LOS ANGELES — Whose ball is it anyway?
The ownership of San Francisco Giant Barry Bonds's record-setting home-run ball has the baseball world - and many outside it - tangled up tighter than a Scottish rugby scrum.
Back on Oct. 7, Bonds made history on the last game of the regular season by slugging his 73rd homer over the right-field stands. The ball landed in one guy's mitt, got jostled by a less-than-polite crowd, and ended up in the hands of another.
Now, both fans claim ownership of the ball, and have wound up fighting it out in California's courts.
At stake is enough cash to overstuff several dozen major league mascots (perhaps up to $3 million), America's ever-fragile rule of law, and the purity of the national pastime.
"This is going to go down in baseball history as one of its great stories, like the player who lost the pennant by not touching second base," says Roger Abrams, dean of Northeastern University School of Law, an authority on sports law. "Why do we care about this silly ball? Because Americans feel like somebody else owns the teams, the uniforms, the stadiums, but we own the game."
The story is in the news this week because of legal arguments by both people claiming ownership in a Los Angeles courtroom. Superior court Judge David Garcia barred the ball's final claimant from selling it prematurely, while he determines whether a court is the right place to decide the case. For now, the ball sits in a locked safe-deposit box as the case heads towards a trial.
Law professors can't wait to be spectators at any possible trial, or to use it in their classrooms as the perfect case to describe the concept of possession.
"This is going to be hilarious and serious at the same time," says Butler Shaffer, a professor of law at Southwestern University School of Law (SWL). "You are going to have a whole courtroom of people playing a video tape over and over, like the Zapruder [Kennedy assassination] film, trying to figure out who had possession and when."
If that prospect is comical to some, it is quite serious to others. The legal issue is: What constitutes possession? A television station videotape shows health-food store owner Alex Popov thrusting his mitt forward to snag the ball in its webbing. But after the ball lands, a shoving match ensues in which the ball somehow pops out, ending up in the hands of Patrick Hayashi, a Silicon Valley engineer.
"This has all the precise ramifications to be a perfect case study for our classes in property law," says Christopher Cameron, specialist in sports law at SWL. "It portrays all the issues for a civil society to decide at what point we are going to protect someone's interest, or if there is some line over which the mob rules."
Law scholars say they are going to watch the case to see what test of possession will be applied.
Some argue that the test for possession is control: How in control of the ball was Mr. Popov before it jostled out of his mitt? Would he have lost control of his own accord, or did he drop the ball because he was pushed or shoved?
Video images show several men jumping on top of Popov, clawing for the ball, and pinning him to the ground while he cries for help. When Popov emerges, glasses broken and bearing scratches and bruises, the ball is gone.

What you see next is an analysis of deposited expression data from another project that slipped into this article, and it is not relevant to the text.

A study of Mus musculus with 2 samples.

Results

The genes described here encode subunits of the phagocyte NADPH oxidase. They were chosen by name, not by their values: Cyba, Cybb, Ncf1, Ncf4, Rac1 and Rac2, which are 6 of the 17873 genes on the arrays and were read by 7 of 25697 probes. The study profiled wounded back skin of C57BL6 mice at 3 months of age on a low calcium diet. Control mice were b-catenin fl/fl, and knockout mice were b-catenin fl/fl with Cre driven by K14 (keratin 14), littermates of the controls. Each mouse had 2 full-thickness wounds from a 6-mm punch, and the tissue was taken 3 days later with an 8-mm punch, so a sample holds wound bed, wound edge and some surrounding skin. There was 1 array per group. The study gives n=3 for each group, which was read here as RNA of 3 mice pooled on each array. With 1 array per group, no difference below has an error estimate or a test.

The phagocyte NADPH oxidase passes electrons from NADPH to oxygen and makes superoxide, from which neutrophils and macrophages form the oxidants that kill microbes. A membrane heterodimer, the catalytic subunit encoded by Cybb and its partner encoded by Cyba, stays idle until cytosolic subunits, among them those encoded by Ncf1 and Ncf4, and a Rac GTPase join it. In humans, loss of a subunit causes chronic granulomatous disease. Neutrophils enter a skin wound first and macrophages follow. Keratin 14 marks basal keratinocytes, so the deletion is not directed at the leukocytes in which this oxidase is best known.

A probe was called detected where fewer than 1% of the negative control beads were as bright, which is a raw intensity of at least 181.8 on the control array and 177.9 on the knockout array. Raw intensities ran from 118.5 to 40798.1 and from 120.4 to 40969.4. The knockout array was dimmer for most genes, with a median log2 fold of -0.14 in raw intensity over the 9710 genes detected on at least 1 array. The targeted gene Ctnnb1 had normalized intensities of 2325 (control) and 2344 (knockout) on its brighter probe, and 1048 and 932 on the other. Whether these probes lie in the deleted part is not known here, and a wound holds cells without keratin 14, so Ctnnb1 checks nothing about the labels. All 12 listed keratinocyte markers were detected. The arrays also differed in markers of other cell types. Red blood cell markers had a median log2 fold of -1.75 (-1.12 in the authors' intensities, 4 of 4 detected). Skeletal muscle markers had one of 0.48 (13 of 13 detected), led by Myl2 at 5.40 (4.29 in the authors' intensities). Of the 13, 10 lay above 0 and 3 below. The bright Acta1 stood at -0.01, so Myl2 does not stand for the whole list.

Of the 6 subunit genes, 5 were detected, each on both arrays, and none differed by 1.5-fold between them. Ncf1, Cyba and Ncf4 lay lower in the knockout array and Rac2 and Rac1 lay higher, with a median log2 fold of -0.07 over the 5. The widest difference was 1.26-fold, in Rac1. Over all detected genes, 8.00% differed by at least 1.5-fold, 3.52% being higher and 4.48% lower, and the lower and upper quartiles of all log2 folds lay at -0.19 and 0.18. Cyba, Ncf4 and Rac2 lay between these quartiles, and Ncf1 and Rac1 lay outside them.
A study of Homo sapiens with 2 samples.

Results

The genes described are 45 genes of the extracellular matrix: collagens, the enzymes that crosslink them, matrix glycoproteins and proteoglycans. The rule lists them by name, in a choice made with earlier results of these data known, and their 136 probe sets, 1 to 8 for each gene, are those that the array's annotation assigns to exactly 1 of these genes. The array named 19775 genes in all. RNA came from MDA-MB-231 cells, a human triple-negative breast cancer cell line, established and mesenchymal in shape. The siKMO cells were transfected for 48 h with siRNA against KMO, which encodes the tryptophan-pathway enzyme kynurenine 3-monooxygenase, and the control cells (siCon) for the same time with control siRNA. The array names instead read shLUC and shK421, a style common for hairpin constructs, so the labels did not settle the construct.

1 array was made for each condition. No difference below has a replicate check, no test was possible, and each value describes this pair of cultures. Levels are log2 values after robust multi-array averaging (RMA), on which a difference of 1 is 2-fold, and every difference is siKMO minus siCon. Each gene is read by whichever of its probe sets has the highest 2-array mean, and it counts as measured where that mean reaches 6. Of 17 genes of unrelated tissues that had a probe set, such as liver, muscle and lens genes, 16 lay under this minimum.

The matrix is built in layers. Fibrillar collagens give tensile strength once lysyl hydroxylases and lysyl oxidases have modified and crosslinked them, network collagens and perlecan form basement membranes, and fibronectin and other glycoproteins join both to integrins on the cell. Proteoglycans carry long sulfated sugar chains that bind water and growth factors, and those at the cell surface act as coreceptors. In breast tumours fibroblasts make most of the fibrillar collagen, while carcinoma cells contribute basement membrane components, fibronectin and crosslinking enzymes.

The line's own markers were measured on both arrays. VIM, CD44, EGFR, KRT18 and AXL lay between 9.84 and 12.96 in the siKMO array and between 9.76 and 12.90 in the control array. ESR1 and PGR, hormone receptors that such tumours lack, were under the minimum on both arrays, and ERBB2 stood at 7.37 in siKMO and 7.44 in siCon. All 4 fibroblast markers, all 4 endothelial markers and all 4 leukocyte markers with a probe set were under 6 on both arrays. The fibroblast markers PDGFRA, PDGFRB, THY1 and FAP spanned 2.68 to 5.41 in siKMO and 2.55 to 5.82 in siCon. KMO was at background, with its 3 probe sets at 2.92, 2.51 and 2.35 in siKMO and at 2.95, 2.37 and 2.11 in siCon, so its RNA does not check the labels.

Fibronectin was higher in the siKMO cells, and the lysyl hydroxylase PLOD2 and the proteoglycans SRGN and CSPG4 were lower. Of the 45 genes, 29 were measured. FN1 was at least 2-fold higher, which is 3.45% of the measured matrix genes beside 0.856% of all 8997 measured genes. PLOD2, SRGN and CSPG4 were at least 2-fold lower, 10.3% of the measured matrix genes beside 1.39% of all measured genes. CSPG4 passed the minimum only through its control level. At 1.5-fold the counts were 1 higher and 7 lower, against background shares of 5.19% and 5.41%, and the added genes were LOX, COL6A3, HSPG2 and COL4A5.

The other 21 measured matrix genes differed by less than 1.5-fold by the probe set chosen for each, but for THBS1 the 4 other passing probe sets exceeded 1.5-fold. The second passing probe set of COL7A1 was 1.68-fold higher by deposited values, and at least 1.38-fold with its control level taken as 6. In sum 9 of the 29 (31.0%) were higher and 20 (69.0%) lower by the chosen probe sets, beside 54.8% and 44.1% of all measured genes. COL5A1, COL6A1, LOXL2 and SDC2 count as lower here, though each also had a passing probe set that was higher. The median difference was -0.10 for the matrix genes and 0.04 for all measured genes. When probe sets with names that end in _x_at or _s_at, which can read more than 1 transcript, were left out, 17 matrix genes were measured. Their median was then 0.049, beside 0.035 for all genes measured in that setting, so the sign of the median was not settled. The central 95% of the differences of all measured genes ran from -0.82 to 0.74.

Hayashi, for his part, was knocked to the ground as well, and claims only to have been at the right place at the right time, reaching out to pluck the ball before rising.
Stadium security guards immediately whisked Hayashi away to a room where they later verified the ball's authenticity, placed it in a clear trophy case, and gave it to him. His attorney argues that the long custom of Major League Baseball is that whoever ends up with the ball, firmly in control, is the rightful owner.
Major League Baseball is taking no position on the matter for the moment.
It claims through a spokesman, that it is not its place to play judge and jury, but merely to verify who had the ball when league personnel arrived.
What is making the case so heated is the possible price the ball might command. When Mark McGwire hit 70 home runs two seasons ago, the 70th home-run ball sold for $3 million.
The two fans may yet settle out of court before it even reaches trial.
"Since there is so much uncertainty about which way this could go, and both sides have so much to lose, I wouldn't be surprised if they decide to split the eventual price of the ball 50-50 or 70-30," says Mr. Abrams.
Beyond the legalities of the matter, however, sociologists and sports historians say the episode symbolizes the greed that has overrun the nation's pastime.
"Instead of embracing this as a piece of history for Bonds or the Hall of Fame in Coopertown, the whole thing has just become part of the process of making money by an individual," says Benjamin Rader, a sports historian at the University of Nebraska, Lincoln.
Mr. Rader points out that when Roger Maris hit 61 home runs to break Babe Ruth's record, the man who caught the ball gave the ball back to Mr. Maris, and settled for an autograph, photos, and complimentary game tickets.
To others, the baseball world is just making too much fuss. Robert Ross, a professor of sociology at Clark University, has announced his top "reasons not to pay attention to this story."
First, he says, someone will probably break the record before the case settles. And number one: William Graham Sumner and Spencer and Darwin all said it earlier - when it comes to baseballs in the stands, it's survival of the fittest.